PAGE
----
By Charles F. Dodge, Jr.

Many steps creditors take in the process of directly or indirectly originating a vehicle finance agreement are designed to protect the creditor in the event its credit risk assessment was off and the consumer defaults. A handful of those steps also help in what for creditors can be a worst-case scenario - when consumers file for bankruptcy, putting the creditors' recovery at risk.

A key component to originating vehicle-secured credit is the timing of the creditor's perfection of its lien on the collateral. If the creditor timely perfects its security interest, the creditor enjoys better protections as a secured creditor in a consumer's bankruptcy case. On the other hand, if the creditor does not perfect its security interest timely and the consumer files for bankruptcy soon after financing his or her car, the creditor can be deemed unsecured in the bankruptcy and unprotected.

That is what happened to a creditor in a bankruptcy case involving one of its customers, and the technical details of perfection of the security interest under state law were the difference between the creditor's claim being secured and the creditor's claim being unsecured.

Jessica Riddlesprigger bought and financed a car on February 26, 2018. Exeter Finance agreed to finance the purchase and submitted a title application with its lien information to the Alabama Department of Revenue on March 5, 2018. The seller was listed on the title application as Dothan Chrysler Dodge Jeep Ram, but the Certificate of Origin, submitted along with the application, had been issued in the name of Dothan Chrysler Dodge Jeep Ram Fiat. Because of the discrepancy in the seller's name, the DOR rejected the title application and returned it to Exeter.

Under Alabama law, to perfect a security interest in a car, the creditor must deliver an application for a certificate of title to the DOR that contains the lienholder's name and address and the date of the security interest, along with the required fee. The security interest relates back and is perfected as of the time of its creation (i.e., the date of the sale, when the consumer grants the security interest to the creditor in the credit agreement) if the creditor takes all required steps within 30 days after the sale.

Exeter submitted a revised application on May 18, 2018, which the DOR received on May 24, 2018. The DOR issued a certificate of title on June 22, 2018, listing Exeter as the lienholder. However, Riddlesprigger had filed a Chapter 13 bankruptcy petition on March 20, 2018, less than 30 days after the financed purchase of her car and well before the state accepted Exeter's lien filing. Exeter filed a proof of claim in the bankruptcy case as a secured creditor, but the Chapter 13 trustee objected to Exeter's proof of claim and secured status on the grounds, among others, that its security interest was not perfected as of the petition filing date.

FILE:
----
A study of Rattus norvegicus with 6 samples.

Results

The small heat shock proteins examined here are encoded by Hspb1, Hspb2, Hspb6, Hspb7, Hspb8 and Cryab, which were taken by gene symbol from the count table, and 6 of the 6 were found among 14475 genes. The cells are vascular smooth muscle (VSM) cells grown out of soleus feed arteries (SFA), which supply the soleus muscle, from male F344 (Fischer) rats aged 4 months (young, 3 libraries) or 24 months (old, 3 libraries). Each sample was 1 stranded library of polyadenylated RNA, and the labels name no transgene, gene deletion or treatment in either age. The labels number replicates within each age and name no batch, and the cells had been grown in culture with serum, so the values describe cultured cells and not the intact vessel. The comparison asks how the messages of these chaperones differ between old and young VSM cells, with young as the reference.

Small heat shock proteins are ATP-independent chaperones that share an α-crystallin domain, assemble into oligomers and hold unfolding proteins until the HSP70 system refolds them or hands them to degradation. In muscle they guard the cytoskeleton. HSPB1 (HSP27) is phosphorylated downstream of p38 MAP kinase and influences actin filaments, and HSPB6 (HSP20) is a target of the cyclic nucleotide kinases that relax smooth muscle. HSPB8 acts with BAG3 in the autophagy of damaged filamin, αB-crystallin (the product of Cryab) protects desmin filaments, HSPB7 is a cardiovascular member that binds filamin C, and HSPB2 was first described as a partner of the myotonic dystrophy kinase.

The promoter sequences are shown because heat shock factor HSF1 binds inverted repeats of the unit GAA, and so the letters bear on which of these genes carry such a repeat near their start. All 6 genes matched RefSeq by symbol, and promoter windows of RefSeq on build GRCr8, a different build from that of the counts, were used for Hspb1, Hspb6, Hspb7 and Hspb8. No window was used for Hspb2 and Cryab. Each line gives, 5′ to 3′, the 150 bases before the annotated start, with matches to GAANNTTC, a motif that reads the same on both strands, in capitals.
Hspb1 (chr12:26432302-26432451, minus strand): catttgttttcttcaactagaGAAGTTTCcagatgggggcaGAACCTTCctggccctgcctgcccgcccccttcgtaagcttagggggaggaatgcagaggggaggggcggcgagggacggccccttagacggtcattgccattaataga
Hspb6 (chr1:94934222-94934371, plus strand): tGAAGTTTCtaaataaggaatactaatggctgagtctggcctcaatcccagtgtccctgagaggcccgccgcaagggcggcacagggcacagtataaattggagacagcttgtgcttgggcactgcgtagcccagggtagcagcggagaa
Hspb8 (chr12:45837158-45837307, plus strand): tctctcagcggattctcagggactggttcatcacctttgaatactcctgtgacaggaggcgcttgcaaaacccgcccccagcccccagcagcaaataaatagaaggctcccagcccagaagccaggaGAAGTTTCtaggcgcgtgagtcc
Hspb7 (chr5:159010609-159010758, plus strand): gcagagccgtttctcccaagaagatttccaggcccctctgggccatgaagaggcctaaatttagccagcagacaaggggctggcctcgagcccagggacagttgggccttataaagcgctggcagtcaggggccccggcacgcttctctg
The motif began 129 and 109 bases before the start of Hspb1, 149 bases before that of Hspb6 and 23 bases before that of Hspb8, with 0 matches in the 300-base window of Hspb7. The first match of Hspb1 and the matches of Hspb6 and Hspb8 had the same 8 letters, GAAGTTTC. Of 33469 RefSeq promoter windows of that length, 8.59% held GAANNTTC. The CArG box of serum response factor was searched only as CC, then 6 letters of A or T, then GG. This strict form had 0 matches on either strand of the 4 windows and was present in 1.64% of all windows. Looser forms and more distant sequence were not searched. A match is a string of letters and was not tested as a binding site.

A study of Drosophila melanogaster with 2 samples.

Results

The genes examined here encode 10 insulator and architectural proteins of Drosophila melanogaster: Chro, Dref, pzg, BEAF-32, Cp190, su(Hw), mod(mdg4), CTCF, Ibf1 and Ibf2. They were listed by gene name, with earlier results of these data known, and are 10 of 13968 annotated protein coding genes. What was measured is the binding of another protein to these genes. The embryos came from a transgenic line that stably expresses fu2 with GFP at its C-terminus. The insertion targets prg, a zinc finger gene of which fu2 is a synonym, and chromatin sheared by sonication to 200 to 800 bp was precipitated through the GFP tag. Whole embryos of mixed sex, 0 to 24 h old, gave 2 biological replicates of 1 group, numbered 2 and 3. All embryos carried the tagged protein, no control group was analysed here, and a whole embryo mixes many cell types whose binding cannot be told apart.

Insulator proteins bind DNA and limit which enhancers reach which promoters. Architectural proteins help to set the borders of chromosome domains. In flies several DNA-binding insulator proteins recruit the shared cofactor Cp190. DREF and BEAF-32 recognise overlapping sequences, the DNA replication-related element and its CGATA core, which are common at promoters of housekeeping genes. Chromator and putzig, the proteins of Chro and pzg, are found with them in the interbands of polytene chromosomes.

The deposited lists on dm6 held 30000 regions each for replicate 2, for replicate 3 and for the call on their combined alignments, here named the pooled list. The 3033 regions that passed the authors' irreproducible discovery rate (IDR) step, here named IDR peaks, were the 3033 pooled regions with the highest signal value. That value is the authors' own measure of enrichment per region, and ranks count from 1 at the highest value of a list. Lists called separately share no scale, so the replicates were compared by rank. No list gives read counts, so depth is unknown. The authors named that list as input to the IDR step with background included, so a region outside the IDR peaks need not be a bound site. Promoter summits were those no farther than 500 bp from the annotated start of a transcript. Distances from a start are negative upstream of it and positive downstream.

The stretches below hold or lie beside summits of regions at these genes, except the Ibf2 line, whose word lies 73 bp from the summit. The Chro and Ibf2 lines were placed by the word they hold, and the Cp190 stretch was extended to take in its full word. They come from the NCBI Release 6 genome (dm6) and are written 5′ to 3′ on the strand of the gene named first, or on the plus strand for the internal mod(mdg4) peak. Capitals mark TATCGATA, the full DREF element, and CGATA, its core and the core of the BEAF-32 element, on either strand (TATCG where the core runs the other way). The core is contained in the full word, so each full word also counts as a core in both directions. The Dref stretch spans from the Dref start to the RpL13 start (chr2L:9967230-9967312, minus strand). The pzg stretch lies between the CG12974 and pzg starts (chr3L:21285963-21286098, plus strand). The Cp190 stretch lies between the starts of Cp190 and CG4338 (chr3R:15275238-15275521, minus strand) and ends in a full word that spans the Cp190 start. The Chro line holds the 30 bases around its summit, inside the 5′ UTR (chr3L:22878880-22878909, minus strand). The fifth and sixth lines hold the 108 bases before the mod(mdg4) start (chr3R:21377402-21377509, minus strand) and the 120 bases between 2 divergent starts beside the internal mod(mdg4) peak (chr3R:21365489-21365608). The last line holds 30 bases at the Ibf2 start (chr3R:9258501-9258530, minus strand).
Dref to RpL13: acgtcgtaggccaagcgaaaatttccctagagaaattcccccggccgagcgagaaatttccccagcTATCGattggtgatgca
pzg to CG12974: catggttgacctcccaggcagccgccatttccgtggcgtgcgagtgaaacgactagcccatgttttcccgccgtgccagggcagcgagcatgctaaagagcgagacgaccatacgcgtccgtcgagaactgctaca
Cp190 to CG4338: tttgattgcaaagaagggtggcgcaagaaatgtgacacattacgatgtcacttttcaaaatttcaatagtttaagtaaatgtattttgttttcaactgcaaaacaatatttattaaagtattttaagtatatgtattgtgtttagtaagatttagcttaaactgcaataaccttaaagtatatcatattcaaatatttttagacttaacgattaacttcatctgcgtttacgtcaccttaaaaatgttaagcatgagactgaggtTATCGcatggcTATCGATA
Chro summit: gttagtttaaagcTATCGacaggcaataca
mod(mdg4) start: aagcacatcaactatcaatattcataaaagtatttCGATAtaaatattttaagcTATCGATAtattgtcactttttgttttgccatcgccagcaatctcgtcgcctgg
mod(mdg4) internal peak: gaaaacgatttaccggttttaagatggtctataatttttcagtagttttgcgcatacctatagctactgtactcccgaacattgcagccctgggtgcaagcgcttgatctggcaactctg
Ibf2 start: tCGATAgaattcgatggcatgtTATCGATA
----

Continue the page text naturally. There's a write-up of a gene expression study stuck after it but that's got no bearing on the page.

The U.S. Bankruptcy Court for the Middle District of Alabama agreed with the trustee and allowed Exeter's claim only as an unsecured claim. The court noted the requirements cited above for perfecting a security interest in a car in Alabama and added that if the security interest does not relate back to the date of its creation, then perfection occurs at the time of delivery of the properly completed application and fee to the DOR. In this case, because the properly completed title application with the correct seller's name was submitted to the DOR more than 30 days after Riddlesprigger bought the car and after she filed a bankruptcy petition, the court found that the trustee was entitled to avoid the security interest and found Exeter's claim against the bankruptcy estate to be unsecured.

Cases like these get reported from time to time, and they usually turn on small details - paying the right lien filing fee, using the correct names and addresses, completing the rest of the paperwork accurately, and filing in time. Sometimes the filing errors are the result of clerical mistakes, but sometimes they reflect systemic issues with the lien filing process. For dealers and finance companies, it is critically important to test the process periodically to make sure it works and generates accurate and timely results because the difference between being a secured creditor and an unsecured creditor in a consumer bankruptcy case can significantly affect the creditor's recovery.

In re Riddlesprigger, 2019 Bankr. LEXIS 1843 (Bankr. M.D. Ala. June 14, 2019).

Charles F. Dodge, Jr., is a partner in the Maryland office of Hudson Cook, LLP. Chuck can be reached at 410.865.5427 or by email at cdodge@hudco.com.